Updated from July 23
Business is crashing like a faulty computer at
, and investors are paying the price.
The computer services giant, which rose to prominence by landing massive outsourcing deals, saw new contracts and quarterly profits tumble by roughly half in the latest period. Excluding special charges, the company did manage to meet Wall Street expectations and hit the low end of its own guidance by mustering a second-quarter profit of 34 cents a share. But industry experts nevertheless saw little reason for celebration -- and plenty of cause for concern -- in the company's latest results.
"They need some hotshot salespeople to run the show," said Bob Djurdevic, a market consultant for Annex Research in Phoenix. "This is just not good enough for the long-term growth of the company."
The market was disappointed as well. Shares of EDS slipped 7% Thursday, dropping $1.56 to $21.39.
To be sure, EDS presented little good news to investors. The company has spent the past two quarters generating about the same amount of business that it snagged in the second quarter alone last year. EDS's second-quarter contract signings, totaling $3.4 billion, were down 45% from a year ago. And profits fell off even more sharply, spiraling 56% lower to $138 million, or 28 cents a share.
Meanwhile, free cash flow -- a crucial measure of the company's health -- all but dried up. EDS reported an 88% drop in second-quarter cash flow to just $25 million. Even after tacking on a $98 million late payment from MCI, which came in a week after the quarter closed, free cash flow was just over half of what it was a year ago.
"At the end of the day, they're lowering their free cash flow estimate -- again -- for 2003," said Christopher Penny, an analyst at Friedman, Billing, Ramsey with no position in the stock. "It's not a big surprise, but it continues to be disappointing."
Although EDS maintained its revenue and profit guidance for the second half of 2003, it scaled back its cash flow projections dramatically. The company, which originally promised cash flow of $400 million to $600 million, now expects second-half payments for software and restructuring charges to leave only $100 million of free cash at the end of the year.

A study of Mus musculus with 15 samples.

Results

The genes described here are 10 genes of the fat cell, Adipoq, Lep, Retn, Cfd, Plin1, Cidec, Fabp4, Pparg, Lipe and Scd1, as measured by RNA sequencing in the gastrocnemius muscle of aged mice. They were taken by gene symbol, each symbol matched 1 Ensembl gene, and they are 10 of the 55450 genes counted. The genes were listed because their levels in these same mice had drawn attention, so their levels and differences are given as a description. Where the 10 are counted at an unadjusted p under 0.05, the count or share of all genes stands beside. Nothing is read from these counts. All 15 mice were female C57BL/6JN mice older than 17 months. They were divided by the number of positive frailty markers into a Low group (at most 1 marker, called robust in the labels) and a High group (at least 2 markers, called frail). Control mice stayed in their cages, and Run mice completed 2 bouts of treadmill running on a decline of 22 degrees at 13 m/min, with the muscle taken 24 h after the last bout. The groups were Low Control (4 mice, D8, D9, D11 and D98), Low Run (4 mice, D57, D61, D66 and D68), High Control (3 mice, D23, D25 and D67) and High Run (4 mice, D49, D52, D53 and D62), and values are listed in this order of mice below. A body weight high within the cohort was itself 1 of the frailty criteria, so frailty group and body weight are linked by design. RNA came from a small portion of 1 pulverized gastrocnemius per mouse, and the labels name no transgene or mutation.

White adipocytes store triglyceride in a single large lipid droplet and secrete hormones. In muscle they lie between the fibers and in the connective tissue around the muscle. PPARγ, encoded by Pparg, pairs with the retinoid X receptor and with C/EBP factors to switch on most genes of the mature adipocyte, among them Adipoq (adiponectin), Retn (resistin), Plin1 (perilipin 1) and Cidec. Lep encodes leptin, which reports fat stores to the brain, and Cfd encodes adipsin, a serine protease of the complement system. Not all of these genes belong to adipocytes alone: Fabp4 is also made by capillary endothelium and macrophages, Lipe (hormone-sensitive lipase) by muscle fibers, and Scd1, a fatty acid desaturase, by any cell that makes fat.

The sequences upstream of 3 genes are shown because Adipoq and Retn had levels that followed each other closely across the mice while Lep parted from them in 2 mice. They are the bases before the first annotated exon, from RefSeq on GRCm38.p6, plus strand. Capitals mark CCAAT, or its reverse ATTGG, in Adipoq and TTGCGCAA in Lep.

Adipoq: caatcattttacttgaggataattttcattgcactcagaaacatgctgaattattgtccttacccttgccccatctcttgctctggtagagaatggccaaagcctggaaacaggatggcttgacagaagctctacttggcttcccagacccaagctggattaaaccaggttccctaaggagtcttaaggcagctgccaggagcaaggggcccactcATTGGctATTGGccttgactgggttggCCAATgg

In addition to the slump in new contracts, EDS blamed its current slowdown on dwindling business from its former parent and largest customer,
, as well as underperforming and renegotiated contracts with several other major clients. The company did stress that it is working hard to improve its financial condition, however.
"We are taking aggressive steps through our ongoing transformational process to improve our cost structure, productivity and competitiveness," said CEO Mike Jordan, hired a few months ago to replace Dick Brown and turn the company around. "Now we must translate our improved competitive position into greater marketplace success."
Djurdjevic, who has studied EDS and its competitors for years, said it is time for the company to shift its focus away from the balance sheet and on to the sales force.
EDS's new executive leaders are "excellent at running the company from a general management standpoint," said Djurdjevic, who has no position in the stock. "But
they won't set the world on fire with sales. And that's what the company needs.
"If they don't have a sales leader after a few more months, I will be concerned."
Penny blamed some of EDS's problems on a tough market in general, while admitting that the company faces bigger challenges than most. But he also gave EDS's leadership decent marks for its performance so far.
"I think they inherited a lot of troubles," he said. "Do they have all the answers? Probably not. But I don't think they're pretending to have all the answers, either. So I give them credit for that."